People v. Caldwell

Annotate this Case
[Crim. No. 12896. Second Dist., Div. Four. Oct. 19, 1967.]

THE PEOPLE, Plaintiff and Respondent, v. CONNELL CALDWELL, Defendant and Appellant.


David L. Gersh, under appointment by the Court of Appeal, for Defendant and Appellant.

Thomas C. Lynch, Attorney General, Raymond M. Momboisse and John F. Biehl, Jr., Deputy Attorneys General, for Plaintiff and Respondent.



Defendant was charged with statutory rape (Pen. Code, § 261, subd. 1). Defendant pled not guilty; the cause was tried without a jury; defendant was found guilty as charged; a probation report was ordered; probation was denied and defendant was sentenced to state prison for the term prescribed by law.

[1] Defendant met the prosecutrix Margaret Jean McCoy after Christmas in December of 1965, and they dated until some time in March 1966. Defendant was married to another woman and living with his wife during the entire period. The prosecutrix was married but separated from her husband the entire time. Defendant engaged in an act of sexual intercourse with the prosecutrix on March 2, 1966, when she was 15 years of age. On different occasions defendant was advised by the prosecutrix's mother that she was 15 years old and (correctly as we point out) that she was "San Quentin quail." There was a witness to two of these conversations. [255 Cal. App. 2d 230] The prosecutrix also told defendant she was 15. Defendant admitted hearing that she was 15 on one occasion shortly before he was picked up on the statutory rape charge. The prosecutrix's sisters often teased defendant about her age. During this period prosecutrix attended high school, and defendant claimed that he did not know she was a student until a few weeks before he "got busted."

Defendant testified that the prosecutrix said she was 18 going on 19, and that she wore a wig, stockings, and eye makeup and looked like an adult woman.

Defendant argues that the statutory rape law (Pen. Code, § 261) should not be applied in the case of a previously married female under 18 since Civil Code section 204 terminates parental authority on the marriage of a child, thereby recognizing the child as an adult. Defendant cogently argues that "The purpose of statutory rape laws is to prevent victimization of immaturity" ((1965) 17 Stan.L.Rev. 309, 310; People v. Hernandez (1964) 61 Cal. 2d 529 [39 Cal. Rptr. 361, 393 P.2d 673, 8 A.L.R.3d 1092]), that a previously married person is recognized as mature by section 204 of the Civil Code, and therefore protection of a married minor is outside the purpose of the statutory rape laws. Defendant gives support to his contention that a married minor is recognized as mature by showing that the parent is relieved of support duty on the marriage of his child. (Kamper v. Waldon (1941) 17 Cal. 2d 718, 720 [112 P.2d 1].)

However, it is clear that, although the Legislature has recognized married minors as having capacity to enter into certain transactions, the Legislature has deemed married minors as immature for certain purposes. For example, "It is not ... reasonable to suppose that it was the intent of the Legislature to give them [married minors] the status of adults when they attempt to enter into an unlawful engagement." (Smith v. Superior Court (1960) 187 Cal. App. 2d 609, 611 [10 Cal. Rptr. 1]; see also, People v. Vassar (1962) 207 Cal. App. 2d 318 [24 Cal. Rptr. 481].)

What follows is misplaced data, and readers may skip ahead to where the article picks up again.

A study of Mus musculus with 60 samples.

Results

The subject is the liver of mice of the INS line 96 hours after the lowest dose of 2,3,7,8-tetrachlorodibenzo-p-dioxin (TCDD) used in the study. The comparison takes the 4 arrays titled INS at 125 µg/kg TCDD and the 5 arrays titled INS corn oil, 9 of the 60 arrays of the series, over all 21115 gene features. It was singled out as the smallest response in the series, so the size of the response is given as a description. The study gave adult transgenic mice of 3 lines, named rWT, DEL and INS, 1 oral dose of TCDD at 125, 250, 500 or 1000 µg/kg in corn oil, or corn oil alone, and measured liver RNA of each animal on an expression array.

In any case the issue at bench has been settled in People v. Courtney (1960) 180 Cal. App. 2d 61 [4 Cal. Rptr. 274]. The Courtney court held that the fact that a previously married female under 18 years of age may consent to a second marriage without parental consent does not mean that she can consent to illicit sexual intercourse such that this behavior is taken out of the statutory rape provision of the Penal Code. We do not agree with defendant's contention that the [255 Cal. App. 2d 231] Courtney case was weakened by People v. Hernandez, supra (1964) 61 Cal. 2d 529. The Hernandez case merely held that evidence of a good faith belief by the defendant that the prosecutrix was over 18 years of age is admissible in establishing a defense to statutory rape, thereby giving effect to the long established rule that culpability requires a wrongful intent. The Hernandez case does not hold that a girl under 18, married or unmarried, can consent to illicit intercourse. In fact, the implications of that decision are to the contrary. fn. 1

If some of the rules concerning statutory rape are anachronistic and require revision in an electronic age where young people are more sophisticated and have more information than at any time in history, it is for the Legislature, and not for us, to exclude the Lolitas of this new world from the protection of the statute. "The power to except from the operation of subdivision 1 of the Penal Code, section 261, illicit intercourse with a married female under the age of 18 years and who is not the wife of the perpetrator, rests with the Legislature and not this court." (People v. Courtney, supra (1960) 180 Cal. App. 2d 61, 63.)

The judgment is affirmed.

Files, P. J., and Jefferson, J., concurred.

FN 1. In Hernandez the court said of its holding: "This is not to say that the granting of consent by even a sexually sophisticated girl known to be less than the statutory age is a defense." (People v. Hernandez, supra (1964) 61 Cal. 2d 529, 536.)